Our stay at the Yukon Motel/RV was very nice. The site was level so we did not have to place blocks under the wheels and the place was in great repair and very clean. The rising lake waters did not impact us as we were able to flee the scene before any issues arose. We broke camp and continued our trek north. Our destination for the day was Lake Kluane where we would stay for one night before making the long final run into Fairbanks, AK.
The photos below are what we saw.
From Teslin, one of our first stopping points was Whitehorse, YT. On the outskirts of Whitehorse, we decided to visit the dam and powerhouse on the Yukon River. On the shore we found a bunch of amphibious planes that are used to commute into the back country areas. Water take-offs and landings are the norm as there is rarely any cleared ground or runways but lakes and rivers are plentiful.
The control gates for the dam are visible in the distance. The boat dock is used for loading and unloading planes. When we finished our sight seeing, we went into Whitehorse for diesel, supplies and lunch. Kathleen chose the local Mexican restaurant (??) so that was where we went. Considering our location, the food was OK, but would have been much better when chased with several margaritas. But, since we were driving we had lemonade instead.
As we passed the "real" airport at Whitehorse, we saw this nice DC-3 on display. These planes were left over from WW-II and saw plenty of service in the northwest.
The road north of Whitehorse was in pretty good condition despite the failed roadbed. The ride was not jarring, but more like being in a boat rocking back and forth. Still, 50 mph was the top speed possible. There were a number of flowers in bloom alongside the road.
We went past the Haines Junction got fuel and bought some awesome smoked salmon.It was "cold smoked" moist and tasty. My only regret was not buying more. Upon leaving Haines Junction, we got our first view of the mountains in the Kluane National Park.
Our destination for the night was the Cottonwood Camp right on Lake Kluane. This is a view of to the south from our camp site toward the 15,000 foot Mt. Hubbard in the St. Elias Range.
From the lake looking back at the truck, you can see the snow capped peaks to the west of our position. We were advised by the locals that "the mayflies have just hatched and they are driving us crazy". Indeed. At some times we were completely engulfed with bugs. The good news is that they don't bite. The bad news is that the mayflies were just part of the swarm, the mosquitoes were the other part. Above, Kathleen looks "anxious" as she waits to raise the top on the camper and get away from the bugs.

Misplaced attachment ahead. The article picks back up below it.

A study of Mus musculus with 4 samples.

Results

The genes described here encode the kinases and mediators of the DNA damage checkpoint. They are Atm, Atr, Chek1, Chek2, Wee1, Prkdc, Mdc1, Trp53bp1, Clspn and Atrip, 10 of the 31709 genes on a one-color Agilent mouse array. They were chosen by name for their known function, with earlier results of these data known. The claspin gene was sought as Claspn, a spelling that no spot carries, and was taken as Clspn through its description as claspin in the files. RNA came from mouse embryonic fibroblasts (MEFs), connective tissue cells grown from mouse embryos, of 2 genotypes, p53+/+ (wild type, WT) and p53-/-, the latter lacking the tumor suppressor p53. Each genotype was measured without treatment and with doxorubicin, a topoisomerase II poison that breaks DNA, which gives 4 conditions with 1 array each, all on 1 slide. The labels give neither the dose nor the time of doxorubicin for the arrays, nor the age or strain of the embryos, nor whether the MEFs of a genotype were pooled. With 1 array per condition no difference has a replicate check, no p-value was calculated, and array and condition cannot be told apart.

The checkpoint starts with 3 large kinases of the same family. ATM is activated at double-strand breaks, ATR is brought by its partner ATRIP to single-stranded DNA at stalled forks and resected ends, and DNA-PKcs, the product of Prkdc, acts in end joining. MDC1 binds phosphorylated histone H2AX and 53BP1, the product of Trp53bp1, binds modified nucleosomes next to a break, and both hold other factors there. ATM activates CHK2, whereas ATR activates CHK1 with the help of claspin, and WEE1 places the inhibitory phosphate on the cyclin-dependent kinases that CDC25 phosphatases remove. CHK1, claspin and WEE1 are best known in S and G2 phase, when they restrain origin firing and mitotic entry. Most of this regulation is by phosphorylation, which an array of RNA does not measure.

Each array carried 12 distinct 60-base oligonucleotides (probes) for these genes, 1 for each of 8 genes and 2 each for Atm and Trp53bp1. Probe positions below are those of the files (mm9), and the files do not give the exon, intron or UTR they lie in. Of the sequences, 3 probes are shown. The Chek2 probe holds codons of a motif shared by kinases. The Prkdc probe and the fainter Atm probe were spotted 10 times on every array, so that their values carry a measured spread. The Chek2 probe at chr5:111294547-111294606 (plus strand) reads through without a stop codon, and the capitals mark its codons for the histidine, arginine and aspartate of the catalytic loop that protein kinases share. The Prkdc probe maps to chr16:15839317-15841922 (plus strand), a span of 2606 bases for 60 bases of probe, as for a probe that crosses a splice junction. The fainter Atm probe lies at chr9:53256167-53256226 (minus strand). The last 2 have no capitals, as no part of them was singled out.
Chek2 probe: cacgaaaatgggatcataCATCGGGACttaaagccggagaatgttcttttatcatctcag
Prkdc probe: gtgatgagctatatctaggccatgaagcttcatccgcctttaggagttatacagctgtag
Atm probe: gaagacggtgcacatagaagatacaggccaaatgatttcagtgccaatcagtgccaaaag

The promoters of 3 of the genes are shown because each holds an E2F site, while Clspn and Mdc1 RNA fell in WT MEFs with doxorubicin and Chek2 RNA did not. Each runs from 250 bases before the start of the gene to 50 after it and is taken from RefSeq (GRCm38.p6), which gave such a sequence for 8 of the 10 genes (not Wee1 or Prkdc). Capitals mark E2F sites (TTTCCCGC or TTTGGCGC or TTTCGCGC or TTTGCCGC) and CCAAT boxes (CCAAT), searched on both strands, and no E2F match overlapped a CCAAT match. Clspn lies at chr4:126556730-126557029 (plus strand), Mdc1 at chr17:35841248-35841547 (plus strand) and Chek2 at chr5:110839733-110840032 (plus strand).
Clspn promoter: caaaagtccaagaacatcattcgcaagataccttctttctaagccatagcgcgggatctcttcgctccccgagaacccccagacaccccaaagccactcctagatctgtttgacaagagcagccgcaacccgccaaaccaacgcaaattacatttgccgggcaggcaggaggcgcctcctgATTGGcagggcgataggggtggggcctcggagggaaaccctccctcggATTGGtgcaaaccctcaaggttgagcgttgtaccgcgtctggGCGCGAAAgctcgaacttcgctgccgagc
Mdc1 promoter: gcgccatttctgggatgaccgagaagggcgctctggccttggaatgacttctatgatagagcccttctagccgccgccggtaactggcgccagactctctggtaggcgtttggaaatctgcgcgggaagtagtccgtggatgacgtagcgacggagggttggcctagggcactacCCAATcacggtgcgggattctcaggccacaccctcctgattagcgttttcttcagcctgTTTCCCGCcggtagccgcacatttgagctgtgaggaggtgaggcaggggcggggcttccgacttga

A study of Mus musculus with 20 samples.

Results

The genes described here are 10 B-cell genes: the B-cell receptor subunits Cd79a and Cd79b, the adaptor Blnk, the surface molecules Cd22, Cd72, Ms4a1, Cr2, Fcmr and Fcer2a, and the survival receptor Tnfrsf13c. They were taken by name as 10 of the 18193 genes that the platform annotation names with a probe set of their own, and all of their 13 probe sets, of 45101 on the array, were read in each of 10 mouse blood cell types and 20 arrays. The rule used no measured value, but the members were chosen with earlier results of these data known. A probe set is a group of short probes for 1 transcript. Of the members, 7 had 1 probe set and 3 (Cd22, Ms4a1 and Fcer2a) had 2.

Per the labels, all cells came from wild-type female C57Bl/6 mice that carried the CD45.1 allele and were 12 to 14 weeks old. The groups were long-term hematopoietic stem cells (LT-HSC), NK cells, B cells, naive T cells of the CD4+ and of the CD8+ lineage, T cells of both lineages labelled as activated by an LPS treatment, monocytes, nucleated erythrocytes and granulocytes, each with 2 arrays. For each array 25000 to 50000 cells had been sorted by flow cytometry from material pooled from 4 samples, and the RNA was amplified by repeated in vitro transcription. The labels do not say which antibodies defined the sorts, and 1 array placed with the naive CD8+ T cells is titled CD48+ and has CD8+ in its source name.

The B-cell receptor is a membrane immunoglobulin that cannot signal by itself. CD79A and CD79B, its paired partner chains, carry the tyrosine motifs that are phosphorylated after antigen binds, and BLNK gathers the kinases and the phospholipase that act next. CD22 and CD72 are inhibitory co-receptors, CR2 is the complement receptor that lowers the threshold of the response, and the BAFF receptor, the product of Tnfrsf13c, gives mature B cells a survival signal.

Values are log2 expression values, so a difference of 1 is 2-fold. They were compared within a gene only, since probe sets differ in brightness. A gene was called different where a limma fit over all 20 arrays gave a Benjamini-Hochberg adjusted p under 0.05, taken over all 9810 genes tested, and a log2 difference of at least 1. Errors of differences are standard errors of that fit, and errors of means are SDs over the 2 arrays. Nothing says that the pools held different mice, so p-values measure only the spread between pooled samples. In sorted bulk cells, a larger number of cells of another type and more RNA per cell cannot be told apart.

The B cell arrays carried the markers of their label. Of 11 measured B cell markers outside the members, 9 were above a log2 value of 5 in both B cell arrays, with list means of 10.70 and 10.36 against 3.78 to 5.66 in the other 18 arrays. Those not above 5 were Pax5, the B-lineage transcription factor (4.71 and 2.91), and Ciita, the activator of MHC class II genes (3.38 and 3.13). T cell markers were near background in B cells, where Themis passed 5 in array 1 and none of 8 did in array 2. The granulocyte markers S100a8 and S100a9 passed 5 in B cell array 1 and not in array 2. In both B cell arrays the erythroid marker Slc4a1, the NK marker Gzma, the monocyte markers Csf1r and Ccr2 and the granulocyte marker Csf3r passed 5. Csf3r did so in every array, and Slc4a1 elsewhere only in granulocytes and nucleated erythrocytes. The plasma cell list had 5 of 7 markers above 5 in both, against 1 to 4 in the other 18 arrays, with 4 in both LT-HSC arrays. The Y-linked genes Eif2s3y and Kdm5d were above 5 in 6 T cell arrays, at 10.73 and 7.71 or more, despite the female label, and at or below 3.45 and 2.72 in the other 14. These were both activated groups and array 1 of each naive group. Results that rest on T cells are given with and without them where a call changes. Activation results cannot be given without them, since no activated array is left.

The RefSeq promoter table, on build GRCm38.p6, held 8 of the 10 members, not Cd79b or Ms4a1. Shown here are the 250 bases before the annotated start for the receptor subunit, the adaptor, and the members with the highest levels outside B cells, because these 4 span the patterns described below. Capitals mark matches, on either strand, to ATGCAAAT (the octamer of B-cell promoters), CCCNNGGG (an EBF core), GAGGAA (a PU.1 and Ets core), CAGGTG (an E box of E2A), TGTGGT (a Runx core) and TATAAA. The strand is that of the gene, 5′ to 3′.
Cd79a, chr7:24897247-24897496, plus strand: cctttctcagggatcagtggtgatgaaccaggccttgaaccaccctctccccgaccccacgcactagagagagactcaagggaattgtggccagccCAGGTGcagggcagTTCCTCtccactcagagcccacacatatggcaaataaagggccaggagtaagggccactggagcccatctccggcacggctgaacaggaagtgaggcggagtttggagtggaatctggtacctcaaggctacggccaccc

The shore of the lake still had some ice left over from the winter. Needless to say, the lake water was frigid.
Next morning was bright and clear, but the winds were strong. Camped next to us were two young fellows from Seattle that were biking their way to Alaska. They still had a long way to go and the winds were not going to make for an easy journey. But, the wind made little difference to us except it generally kept the bugs at bay.
To the north of our camp, the mineralization in the rocks was clearly visible as evidenced by the red colors in the rock.
Along the road way there were many flowers in bloom. This purple bush is the state flower for the Yukon, or so the guide book stated.
We crossed over the Gerstle River and there was access to the river bank so we decided to check it out. Above, you can see that the river is milk-white with "rock flour" that is the result of glacial action on rocks. The rock flour is carried downstream during the spring runoff, thus the color.
The bridge over the Gerstle River was quite substantial. While the river was not particularly high when we saw it, the size of the bridge attests to large, periodic flows. From the Gerstle, we made a bonzai run into Fairbanks. This was our longest drive to date, but given the long daylight hours, we still arrived when it was sunny. Of course, sunset was at midnight.
Our destination was Dan Johnson's place on the north side of Fairbanks. When we arrived, he was just getting back from a boat trip with friends on the Tenana River. Above is his U500 "tow vehicle".
Since the last time I had seen his truck he has added a large Ramsey hydraulic winch on the front. This is a BIG winch.
We stayed with Dan and Janet for several days while we attended to truck maintenance actions like rotating tires, changing the oil and cleaning the air filter. While in Fairbanks, we did some shopping, resupplied and planned for our trip north to the Arctic Circle.
For your enjoyment only, not for commercial use.